Having read my last post regarding version, you have no doubt jumped in your time machine, gone back a few years or months and implemented a sound versioning policy on all the projects you work on;  your colleagues think you are even more amazing than you were before, and life is generally coming up roses.

However, back in the present day a problem has presented itself.   While the code in the trunk has improved in leaps and bounds in terms of both high- and low-level architecture, features, modularisation, and to a lesser degree for this example, testing and documentation a parallel path of development has formed in one of the branches.

As previously discussed, branches are best used for fixing bugs in specific versions.  More than occasionally, a branch becomes the site of new development in order to cut out the overhead of migrating customers to newer versions – I’ve seen various reasons for this, but they’re of no importance as it’s the outcome that counts.

Depending on the timescale involved, and the amount of active development in both the trunk and the branch, the result may be two versions of the same project that are in essence both the latest version but are partially or totally incompatible with each other.

The problem can be alleviated to a greater or lesser degree by porting new features from the branch into the trunk.  If this is done diligently, this ceases to be a problem.  It’s still not a good situation to be in, but it is one less problem on your plate…for now, at least.

If porting doesn’t happen – due to perceived time contraints, difficulty in doing a quick port because of architectural changes, laziness, whatever – you’re heading into territory where the merge from hell lives.  Let’s take the example where a project which in the branch is a monolithic project built with Ant now exists in the trunk as a modular Mavenized project which has been refactored to the nth degree to improve many aspects; we now have two incompatible codebases that require reconciling.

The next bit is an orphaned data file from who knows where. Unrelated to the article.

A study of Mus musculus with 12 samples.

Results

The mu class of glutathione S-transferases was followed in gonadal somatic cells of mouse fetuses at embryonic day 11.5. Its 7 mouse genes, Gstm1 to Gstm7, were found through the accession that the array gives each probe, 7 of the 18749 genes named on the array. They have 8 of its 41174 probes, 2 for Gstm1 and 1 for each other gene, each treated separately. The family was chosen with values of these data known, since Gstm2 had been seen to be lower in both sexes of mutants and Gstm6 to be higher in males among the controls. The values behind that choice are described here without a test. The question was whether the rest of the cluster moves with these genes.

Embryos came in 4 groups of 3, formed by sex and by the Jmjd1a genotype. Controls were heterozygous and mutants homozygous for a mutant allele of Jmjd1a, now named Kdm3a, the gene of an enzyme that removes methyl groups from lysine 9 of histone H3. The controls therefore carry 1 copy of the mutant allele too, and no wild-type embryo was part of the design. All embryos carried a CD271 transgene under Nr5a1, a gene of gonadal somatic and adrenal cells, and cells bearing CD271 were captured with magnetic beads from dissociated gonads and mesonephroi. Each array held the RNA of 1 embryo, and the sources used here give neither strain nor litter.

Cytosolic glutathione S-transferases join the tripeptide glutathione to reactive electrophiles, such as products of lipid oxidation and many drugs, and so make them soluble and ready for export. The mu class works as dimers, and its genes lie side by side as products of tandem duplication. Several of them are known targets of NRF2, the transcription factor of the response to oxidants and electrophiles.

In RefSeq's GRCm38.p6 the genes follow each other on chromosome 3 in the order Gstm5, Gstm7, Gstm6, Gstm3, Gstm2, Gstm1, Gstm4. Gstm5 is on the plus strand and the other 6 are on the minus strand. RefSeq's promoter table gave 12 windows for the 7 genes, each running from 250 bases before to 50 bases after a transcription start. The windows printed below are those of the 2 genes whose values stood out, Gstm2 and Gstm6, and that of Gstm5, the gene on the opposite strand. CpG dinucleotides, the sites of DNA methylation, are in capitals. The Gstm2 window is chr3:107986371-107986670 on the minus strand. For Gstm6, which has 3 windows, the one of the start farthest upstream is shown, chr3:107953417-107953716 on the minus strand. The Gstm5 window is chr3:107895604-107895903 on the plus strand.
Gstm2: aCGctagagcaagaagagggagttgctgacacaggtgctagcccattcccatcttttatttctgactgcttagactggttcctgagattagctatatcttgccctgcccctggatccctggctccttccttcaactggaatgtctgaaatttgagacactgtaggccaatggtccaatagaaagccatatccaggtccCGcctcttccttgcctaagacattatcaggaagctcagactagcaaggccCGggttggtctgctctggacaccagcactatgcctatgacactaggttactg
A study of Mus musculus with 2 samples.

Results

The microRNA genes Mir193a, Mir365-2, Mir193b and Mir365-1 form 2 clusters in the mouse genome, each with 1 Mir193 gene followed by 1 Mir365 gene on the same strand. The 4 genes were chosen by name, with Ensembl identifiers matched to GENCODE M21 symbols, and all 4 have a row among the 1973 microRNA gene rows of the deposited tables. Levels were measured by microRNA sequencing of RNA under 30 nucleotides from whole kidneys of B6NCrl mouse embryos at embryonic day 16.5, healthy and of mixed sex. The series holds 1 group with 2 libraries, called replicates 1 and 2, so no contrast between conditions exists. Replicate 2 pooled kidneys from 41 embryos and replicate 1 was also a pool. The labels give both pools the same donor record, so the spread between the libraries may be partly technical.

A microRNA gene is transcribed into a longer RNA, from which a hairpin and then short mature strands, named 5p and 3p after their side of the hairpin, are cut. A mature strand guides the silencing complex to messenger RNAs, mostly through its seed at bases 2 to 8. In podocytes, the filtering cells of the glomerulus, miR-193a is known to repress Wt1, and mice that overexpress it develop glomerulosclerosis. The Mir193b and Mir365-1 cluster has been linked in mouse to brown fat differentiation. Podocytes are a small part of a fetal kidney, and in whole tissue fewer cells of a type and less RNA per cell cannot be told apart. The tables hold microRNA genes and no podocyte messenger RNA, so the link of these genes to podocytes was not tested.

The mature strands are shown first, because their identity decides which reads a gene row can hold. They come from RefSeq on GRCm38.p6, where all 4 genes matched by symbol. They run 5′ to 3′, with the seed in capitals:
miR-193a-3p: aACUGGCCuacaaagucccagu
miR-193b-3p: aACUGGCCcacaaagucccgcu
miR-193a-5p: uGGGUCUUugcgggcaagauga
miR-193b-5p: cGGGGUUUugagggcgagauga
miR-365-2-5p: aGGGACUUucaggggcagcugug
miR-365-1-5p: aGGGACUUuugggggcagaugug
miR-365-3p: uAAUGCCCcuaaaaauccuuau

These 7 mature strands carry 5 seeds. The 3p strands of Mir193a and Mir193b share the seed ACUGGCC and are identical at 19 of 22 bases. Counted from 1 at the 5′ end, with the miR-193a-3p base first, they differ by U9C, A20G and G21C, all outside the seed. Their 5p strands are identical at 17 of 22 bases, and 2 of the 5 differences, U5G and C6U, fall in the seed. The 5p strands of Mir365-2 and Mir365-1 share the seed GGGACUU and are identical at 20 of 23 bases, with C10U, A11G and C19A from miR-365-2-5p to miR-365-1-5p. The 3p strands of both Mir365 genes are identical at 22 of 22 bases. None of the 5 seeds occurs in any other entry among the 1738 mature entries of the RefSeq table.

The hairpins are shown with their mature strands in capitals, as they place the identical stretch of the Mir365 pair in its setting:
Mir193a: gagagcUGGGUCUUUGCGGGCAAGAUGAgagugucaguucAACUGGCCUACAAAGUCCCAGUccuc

There are a few approachs that can be taken here.  The brute force approach is to examine the branch compared to the trunk to build up a profile of files that have been added or removed.  You can finesse this process a little by comparing the branch to the trunk at the time of branching to get some addition information – but any major strucural changes to the trunk (like that described above) will negate this.  Once you’ve compiled your exhaustive list of files that have been added, removed or updated you can go through and copy each file from the trunk to the branch – ensuring in the process that you’re not introducing any bugs, incorrect assumptions, duplicate functionality, etc.  Also, make sure that you’re matching the new architecture and coding guidelines if you don’t want a rap on the knuckles from the other developers.

Another approach is to merge at the functional level, in other words port the features but not necessarily the code.  This may feel like a counter-intuitive approach given the features already exist in perfectly good code just over there, but digging those features out of the branch could well be as intensive – and probably a hell of a lot more frustrating – than implementing them afresh in the the trunk.

If all this seems like a lot of hard work – it is.  It’s far better to never get into this situation in the first place, but we live and work in a world where things have not always been as pragmatically optimised as we would like.  As we move towards cleaner, better tested and architecturally sound projects there are occasionally a few pit stops along the way.